Arizona Republic Opinion: This Arizona Supreme Court ruling could hurt a lot more than Sierra Vista's water supply

Opinion, Linda Valdez, Arizona Republic: "Arizona water laws do not allow the state to plan long term. If you value your faucet and your home's value, that must change . . . A court decision that some say could dry up the San Pedro River may sound far removed from your CAP-supplied kitchen faucet. It’s not. In fact, Thursday's unfortunate ruling shows how Arizona's current water law threatens the value of your entire home, not just your faucet . . . The ruling ignores consumer and environmental needs. Now it's up to lawmakers to clarify the law so the courts and developers understand the need to look at the whole picture when making decisions about water. The court identified other things that need fixing. Arizona law does not have a statewide requirement for developments to demonstrate adequate water supply. It should. Arizona law does not require developers to warn consumers when higher priority water rights may impact the water supply in the homes they buy. It should. Rural Arizona has a right to grow and pursue economic development, but that should happen under water rules that protect the entire state."

AZ Daily Star: 5 takeaways from the water-rights ruling over a planned Sierra Vista development

While most hydrologists — those who study the science of water — agree that groundwater pumping can dry up surface flows, courts and legislatures haven’t turned that principle into law . . . Efforts to protect rivers from water pumping in the Legislature, all unsuccessful, date back to the time when Rose Mofford was governor back in the late 1980s, said Sandy Bahr, director of the Sierra Club’s Grand Canyon chapter. “There was a riparian task force. There have been bills that included limits on groundwater pumping within one-quarter mile of riparian areas. Those were defeated by cattle growers and others,” Bahr said. Just this year, a bill dealing with the ecological value of water failed to get a hearing. “We have consistently asked the state to recognize the connections between ground and surface water. Our laws violate the laws of physics,” Bahr said.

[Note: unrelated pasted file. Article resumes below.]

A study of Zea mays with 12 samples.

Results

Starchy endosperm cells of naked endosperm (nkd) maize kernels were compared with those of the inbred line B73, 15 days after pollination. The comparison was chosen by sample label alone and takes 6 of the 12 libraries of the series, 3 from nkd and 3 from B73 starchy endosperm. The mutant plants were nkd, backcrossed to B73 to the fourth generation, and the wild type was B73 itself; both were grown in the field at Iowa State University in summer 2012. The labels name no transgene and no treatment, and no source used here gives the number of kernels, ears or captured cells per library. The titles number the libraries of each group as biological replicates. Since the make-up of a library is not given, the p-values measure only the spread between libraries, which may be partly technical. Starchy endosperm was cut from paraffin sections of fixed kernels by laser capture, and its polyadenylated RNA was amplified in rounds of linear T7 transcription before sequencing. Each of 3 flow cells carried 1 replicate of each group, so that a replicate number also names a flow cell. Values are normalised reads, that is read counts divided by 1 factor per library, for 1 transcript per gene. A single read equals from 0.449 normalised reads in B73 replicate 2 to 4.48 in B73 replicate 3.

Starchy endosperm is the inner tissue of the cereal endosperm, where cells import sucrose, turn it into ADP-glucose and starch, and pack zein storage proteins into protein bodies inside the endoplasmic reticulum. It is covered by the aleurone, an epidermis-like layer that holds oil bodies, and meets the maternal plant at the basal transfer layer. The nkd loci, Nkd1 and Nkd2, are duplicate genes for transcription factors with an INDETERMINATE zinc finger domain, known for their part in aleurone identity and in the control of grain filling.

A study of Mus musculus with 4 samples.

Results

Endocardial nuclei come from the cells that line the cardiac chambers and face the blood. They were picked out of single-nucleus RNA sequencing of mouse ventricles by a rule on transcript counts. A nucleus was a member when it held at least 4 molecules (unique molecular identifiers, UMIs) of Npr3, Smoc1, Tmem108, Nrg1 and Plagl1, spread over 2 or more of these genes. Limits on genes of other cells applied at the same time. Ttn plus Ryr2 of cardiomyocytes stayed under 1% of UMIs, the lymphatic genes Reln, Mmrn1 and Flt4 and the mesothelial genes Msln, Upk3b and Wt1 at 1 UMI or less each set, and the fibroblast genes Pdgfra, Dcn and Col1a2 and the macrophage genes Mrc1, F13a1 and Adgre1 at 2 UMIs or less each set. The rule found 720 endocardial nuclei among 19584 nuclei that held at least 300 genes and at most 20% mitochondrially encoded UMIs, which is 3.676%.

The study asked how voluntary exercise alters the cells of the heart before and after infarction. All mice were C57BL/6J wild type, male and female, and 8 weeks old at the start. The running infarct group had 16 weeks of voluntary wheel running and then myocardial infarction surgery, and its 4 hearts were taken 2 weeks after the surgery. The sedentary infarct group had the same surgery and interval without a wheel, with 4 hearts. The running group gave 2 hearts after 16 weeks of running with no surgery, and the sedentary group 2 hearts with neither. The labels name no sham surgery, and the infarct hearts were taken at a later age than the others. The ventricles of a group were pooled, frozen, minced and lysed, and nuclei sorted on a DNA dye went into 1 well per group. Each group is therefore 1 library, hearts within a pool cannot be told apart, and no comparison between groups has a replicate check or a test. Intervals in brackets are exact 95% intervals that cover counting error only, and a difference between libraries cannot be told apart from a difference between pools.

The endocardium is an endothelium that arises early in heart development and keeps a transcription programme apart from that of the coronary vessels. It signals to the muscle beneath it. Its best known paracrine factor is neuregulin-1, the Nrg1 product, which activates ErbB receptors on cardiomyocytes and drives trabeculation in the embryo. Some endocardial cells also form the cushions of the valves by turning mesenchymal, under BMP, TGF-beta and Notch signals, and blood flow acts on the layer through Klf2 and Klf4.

Gerrodette and Kiser: New partnerships, ways of thinking for Arizona's water future

"The cornerstone element that seems to be missing, at least publicly during this critical first stage of water discussions in a time of emergency, is the legal framework protecting ecological water — water allocated for rivers to sustain themselves, plants, animals, people and society. Without it — protecting ecological water is like creating a household budget — what is to keep us from spending beyond our means: dewatering our rivers, in the face of development, thereby endangering future generations — life itself?

High Country News: Tribal nations hold some of the best water rights in the West

But to use them, tribes often must negotiate settlements that need federal approval.

Many tribal nations are currently asserting those rights as a way to ensure economic vitality, affirm sovereignty and provide basic services that some communities lack. In many places, however, Native water rights have yet to be quantified, making them difficult to enforce. Settlement is usually the preferred remedy; it’s cheaper, faster and less adversarial than a lawsuit, and can include funding for things like pipelines or treatment plants. 

New bill highlights conflict between development, water supply in San Pedro

"In the future, it may be easier for similar developments to be built in rural areas. New legislation proposed by Arizona State Sen. Gail Griffin (R-Hereford) could loosen water requirements for new developments in rural counties.  But as new projects seek to break ground, environmentalists worry how the added population will affect the demand for the San Pedro River’s water in the future. Biologically, the river is an irreplaceable riparian stronghold for the area with its finite water supply, according to Nicole Gillett, conservation advocate with the Tucson Audubon Society.  With more demand for water, what will happen to the river?" . . .

Mohave County fighting CAP proposal to buy, move water to Tucson, Phoenix suburbs

"The agency that operates the CAP wants to spend $34 million on farmland and water rights from a rural slice of northwestern Arizona along the Colorado River to slake the thirst of the growing Tucson and Phoenix suburban areas".